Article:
Liv BakerChair of the Board
Liv Baker is a conservation behaviorist and an expert in wild animal wellbeing.
Her research focuses on individuals; how individuals engage with their environments, and the roles individual, wild animals have in the health of their social groups, cultures, and populations. Dr. Baker’s work explores the similar patterns of wellbeing and behavior seen across the animal kingdom; seeing that individuals want to learn about and hold sway over their lives, that good psychological health corresponds to good physical health, that social context matters, and that positive emotions and reasonable challenges are not luxuries, but integral elements to being alive.
Dr. Baker’s conservation and wellbeing research involves a range of wild animals including, elephants, primates, arachnids, rodents, and macropods. Dr. Baker is also interested in the wellbeing of farmed animals. She collaborates with Woodstock Farm Animal Sanctuary, NY to study animals of historically farmed species, outside of the sphere of industry.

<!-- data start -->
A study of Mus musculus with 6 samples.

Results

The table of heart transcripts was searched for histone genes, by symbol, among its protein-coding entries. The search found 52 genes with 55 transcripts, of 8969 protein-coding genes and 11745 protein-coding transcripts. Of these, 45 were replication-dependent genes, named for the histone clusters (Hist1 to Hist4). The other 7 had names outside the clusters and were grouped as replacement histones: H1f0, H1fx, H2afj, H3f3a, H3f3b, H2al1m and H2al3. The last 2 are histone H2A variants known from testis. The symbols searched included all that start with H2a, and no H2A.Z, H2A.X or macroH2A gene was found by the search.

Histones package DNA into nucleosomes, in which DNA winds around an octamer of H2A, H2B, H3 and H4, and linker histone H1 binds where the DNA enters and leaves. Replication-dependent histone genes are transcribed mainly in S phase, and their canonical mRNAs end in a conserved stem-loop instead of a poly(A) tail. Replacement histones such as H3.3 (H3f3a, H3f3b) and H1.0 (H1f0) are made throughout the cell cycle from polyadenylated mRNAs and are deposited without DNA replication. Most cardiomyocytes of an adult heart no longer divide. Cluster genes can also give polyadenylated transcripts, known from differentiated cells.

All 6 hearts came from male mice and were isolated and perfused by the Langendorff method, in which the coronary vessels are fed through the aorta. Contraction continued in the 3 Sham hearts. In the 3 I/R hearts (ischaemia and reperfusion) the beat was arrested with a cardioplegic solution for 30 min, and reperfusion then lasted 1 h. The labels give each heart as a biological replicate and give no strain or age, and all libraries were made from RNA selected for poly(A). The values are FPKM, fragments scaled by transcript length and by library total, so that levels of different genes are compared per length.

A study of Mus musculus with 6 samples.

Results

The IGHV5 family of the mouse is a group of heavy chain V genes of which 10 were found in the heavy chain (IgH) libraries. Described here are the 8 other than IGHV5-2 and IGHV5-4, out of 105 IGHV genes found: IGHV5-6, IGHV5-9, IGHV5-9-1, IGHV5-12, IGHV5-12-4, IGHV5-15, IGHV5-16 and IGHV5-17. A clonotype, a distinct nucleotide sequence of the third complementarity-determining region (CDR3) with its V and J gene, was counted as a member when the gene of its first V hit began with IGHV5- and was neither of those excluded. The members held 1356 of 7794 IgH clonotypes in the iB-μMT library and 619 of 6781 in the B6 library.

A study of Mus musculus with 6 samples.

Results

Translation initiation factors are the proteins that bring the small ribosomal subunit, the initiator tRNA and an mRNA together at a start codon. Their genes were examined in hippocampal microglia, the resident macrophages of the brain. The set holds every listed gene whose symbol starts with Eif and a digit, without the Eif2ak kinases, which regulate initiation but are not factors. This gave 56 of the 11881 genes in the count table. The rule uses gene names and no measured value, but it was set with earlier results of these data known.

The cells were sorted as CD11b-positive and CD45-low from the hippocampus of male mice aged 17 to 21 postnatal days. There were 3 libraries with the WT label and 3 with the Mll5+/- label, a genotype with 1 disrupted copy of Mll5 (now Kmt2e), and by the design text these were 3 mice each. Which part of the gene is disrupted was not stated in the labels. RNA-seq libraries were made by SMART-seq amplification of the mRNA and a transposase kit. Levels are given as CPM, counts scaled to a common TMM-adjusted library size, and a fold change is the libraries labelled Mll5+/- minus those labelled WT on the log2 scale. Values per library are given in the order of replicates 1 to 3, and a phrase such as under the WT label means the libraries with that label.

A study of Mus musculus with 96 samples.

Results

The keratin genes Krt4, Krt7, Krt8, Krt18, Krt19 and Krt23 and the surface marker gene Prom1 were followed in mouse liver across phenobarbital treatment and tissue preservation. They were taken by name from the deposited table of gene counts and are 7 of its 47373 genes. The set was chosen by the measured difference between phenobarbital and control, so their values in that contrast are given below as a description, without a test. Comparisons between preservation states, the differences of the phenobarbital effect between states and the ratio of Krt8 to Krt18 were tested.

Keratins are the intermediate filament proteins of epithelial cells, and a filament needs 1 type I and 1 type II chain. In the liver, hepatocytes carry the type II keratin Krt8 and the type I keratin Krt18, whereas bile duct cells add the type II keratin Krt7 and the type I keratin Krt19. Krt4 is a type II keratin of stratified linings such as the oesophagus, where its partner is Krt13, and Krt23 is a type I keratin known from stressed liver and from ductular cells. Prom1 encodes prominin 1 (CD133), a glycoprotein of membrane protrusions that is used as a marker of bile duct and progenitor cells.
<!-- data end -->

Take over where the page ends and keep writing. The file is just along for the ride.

Dr. Baker has a bachelor’s degree in Biology and Chemistry from Mount Holyoke College, USA; an MSc in Organismic and Evolutionary Biology from the University of Massachusetts, Amherst, USA; and she earned her PhD in Animal Welfare Science and Applied Animal Biology from the University of British Columbia, Canada. In addition to teaching in the Department of Psychology at Hunter College, she is research director with Mahouts Elephant Foundation, UK, with whom she has developed the program, the Compassionate 3 Rs of Conservation: Rescue, Rehabilitation, and Rewilding. Dr. Baker is also the chairperson of the non-profit, PanWorks an animal ethics think tank, behavior advisor for Elephant Aid International’s integrative health team, as well as scientific advisor for the Whale Sanctuary Project.
She is a past fellow with the Centre for Compassionate Conservation, University of Technology Sydney, Australia; and Centre for Animal Welfare and Ethics, University of Cambridge, UK. Research topics of Dr. Baker’s graduate students include the behavior of anthropogenically disturbed Eastern grey kangaroos, behavioral repertoires of socially-disrupted chimpanzees, intraspecific population differences of domesticated cats, foraging behavior of rewilded Asian elephants, animal personality and impacts of ecotourism, and the effects of human visitors on the emotional valence of captive red kangaroos.